By trading Jalen Beeks for Nathan Eovaldi, the Red Sox are banking on the adjustments that Eovaldi has made since returning from Tommy John. Eovaldi has always had great stuff—a fastball that sits in the high 90s as well as a slider with two-plane movement—but he hasn’t been able to put it together in his last few healthy seasons. Though his FIP suggested he should have been nearly a run better in 2015 and 2016, he’s always shown a propensity to give up hard contact.
Eovaldi is set to make his first start for the Red Sox on Sunday against the Twins. He’ll be taking the slot of Brian Johnson who is starting once more on Thursday before moving back to the bullpen according to Zachary Silver of MLB.com. Johnson moved into the rotation after Steven Wright went on the disabled list with knee inflammation.
When Eduardo Rodriguez returns from the disabled list, Drew Pomeranz will likely be the odd man out. In 41.2 innings, he’s put up a 6.91 ERA and 5.70 FIP behind a 8.7 K-BB%.
Out of all the pitchers on the market, Eovaldi might have the most upside. The Red Sox picked up because they’re hoping he can reach his full potential with them. His first few outings after returning from injury were promising. Jeff Sullivan at Fangraphs wrote about the adjustments Eovaldi had made.
Reduced fastball usage. Increased cutter usage. Increased fastball height. Improved fastball-cutter tunneling. Eovaldi still throws his slider, splitter, and occasional curve, but the big changes have been with the primary two pitches, and in so many ways he comes off as something of an analytical success story.
Eovaldi is one of the many pitchers moving away from the fastball, and it has been effective for him at times. Even in limited time, his fastball has been worth more runs, 3.2, than it has since 2013. In three of his ten outings this season, he’s thrown at least six innings without giving up a run.
He’s also had as many starts where he’s given up at least four runs. His ERA and FIP are 4.26 and 4.28 respectively despite a 3.6 percent walk rate. Almost as if to spite Sullivan, Eovaldi gave up eight runs in 2 2⁄3 innings in his first start after that article was published. In that outing, the Twins did most of their damage against his fastball and cutter often jumping on pitches early in the at-bat.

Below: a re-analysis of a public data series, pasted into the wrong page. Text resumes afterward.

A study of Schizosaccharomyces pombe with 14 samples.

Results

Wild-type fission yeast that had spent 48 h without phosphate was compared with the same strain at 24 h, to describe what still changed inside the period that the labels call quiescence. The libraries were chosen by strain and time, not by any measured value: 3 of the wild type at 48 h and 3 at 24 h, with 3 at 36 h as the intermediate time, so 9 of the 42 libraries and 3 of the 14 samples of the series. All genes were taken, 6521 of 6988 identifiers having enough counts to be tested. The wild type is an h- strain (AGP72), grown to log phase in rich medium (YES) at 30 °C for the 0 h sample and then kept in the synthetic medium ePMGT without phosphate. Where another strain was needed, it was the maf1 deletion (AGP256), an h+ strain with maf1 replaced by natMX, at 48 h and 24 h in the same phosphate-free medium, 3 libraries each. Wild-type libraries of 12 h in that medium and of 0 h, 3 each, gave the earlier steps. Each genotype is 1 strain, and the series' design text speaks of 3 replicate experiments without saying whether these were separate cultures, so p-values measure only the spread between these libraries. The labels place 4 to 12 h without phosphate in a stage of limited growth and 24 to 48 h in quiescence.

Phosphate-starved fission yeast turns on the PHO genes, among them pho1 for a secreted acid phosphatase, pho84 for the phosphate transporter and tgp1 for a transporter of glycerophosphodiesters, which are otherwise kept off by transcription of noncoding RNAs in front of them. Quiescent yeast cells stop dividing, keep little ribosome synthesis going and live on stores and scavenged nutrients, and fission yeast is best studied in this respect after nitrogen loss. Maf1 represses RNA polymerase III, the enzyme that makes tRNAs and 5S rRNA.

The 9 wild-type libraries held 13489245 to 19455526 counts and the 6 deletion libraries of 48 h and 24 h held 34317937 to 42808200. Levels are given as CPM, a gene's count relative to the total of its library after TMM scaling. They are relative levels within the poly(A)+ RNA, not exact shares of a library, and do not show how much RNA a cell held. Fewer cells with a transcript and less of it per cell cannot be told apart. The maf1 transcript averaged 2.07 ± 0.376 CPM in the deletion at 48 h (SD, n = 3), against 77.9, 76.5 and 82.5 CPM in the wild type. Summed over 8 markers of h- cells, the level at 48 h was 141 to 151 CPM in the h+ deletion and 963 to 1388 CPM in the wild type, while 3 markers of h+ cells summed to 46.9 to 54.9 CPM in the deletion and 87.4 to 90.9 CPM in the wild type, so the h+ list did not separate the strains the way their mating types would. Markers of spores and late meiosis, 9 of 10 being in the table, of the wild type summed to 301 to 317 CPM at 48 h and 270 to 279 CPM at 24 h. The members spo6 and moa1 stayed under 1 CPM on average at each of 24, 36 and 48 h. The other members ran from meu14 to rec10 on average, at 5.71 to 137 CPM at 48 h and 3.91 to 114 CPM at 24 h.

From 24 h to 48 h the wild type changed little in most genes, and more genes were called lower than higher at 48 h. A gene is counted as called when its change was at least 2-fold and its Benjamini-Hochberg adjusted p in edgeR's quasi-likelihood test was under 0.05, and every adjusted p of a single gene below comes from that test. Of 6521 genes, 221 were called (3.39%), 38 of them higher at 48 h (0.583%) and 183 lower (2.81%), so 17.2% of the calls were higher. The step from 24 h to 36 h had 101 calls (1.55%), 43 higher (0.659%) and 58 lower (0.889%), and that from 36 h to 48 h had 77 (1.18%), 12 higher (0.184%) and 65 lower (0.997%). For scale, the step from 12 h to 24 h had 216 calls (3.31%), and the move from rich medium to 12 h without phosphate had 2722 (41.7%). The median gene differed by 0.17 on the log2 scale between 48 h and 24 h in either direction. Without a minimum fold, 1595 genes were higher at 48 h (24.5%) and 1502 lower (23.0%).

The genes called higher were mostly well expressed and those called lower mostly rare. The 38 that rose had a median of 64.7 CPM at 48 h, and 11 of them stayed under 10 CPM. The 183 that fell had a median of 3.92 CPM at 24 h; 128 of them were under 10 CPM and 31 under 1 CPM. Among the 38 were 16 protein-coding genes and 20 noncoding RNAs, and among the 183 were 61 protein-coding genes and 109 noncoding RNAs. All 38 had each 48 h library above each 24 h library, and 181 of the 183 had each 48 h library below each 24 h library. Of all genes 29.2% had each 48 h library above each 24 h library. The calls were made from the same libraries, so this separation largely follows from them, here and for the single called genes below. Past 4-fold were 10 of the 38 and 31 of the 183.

As Sullivan pointed out, when he can tunnel his cutter and fastball together, it becomes a devastating combination. He can survive with cutters middle-middle because when he can throw it in a similar spot as his fastball, hitters aren’t expecting the pitch to break. When he can’t, it doesn’t fool hitters.
In this pair, Eovaldi threw Brian Dozier a fastball down and backed it up with a cutter over the heart of the plate. It would up being a fly ball caught at the warning track, but Dozier took a balanced swing and it might have been gone in other parks. Eovaldi did Dozier a favor by elevating the pitch and slowing it down. The fastball and cutter work best when the sequencing is reversed. It should follow the same principle as throwing a changeup down followed by a fastball at the letters. The high velocity on his fastball allows him to use his cutter like a changeup.
When he throws his fastball in the strike zone, it needs to stay in the upper third because that’s where hitters are most likely to swing and miss at it. If not, he needs to keep it at or below the knees. It’s when he keeps it in the lower two-thirds that he gets into trouble.
Eovaldi gives the Red Sox a glut of options in October and a back-up plan in case Rodriguez has a setback or another starter goes down with an injury. A team can’t have too much starting pitching depth especially when their fourth or fifth starter has as high a ceiling as Eovaldi. The issue is hitting that ceiling. In 2018, Eovaldi has shown that the adjustments he’s made can work. It’s just a matter of him executing his pitches and sticking to the plan.
Kenny Kelly is a writer for Beyond the Box Score, McCovey Chronicles, and BP Wrigleyville. You can follow him on Twitter @KennyKellyWords.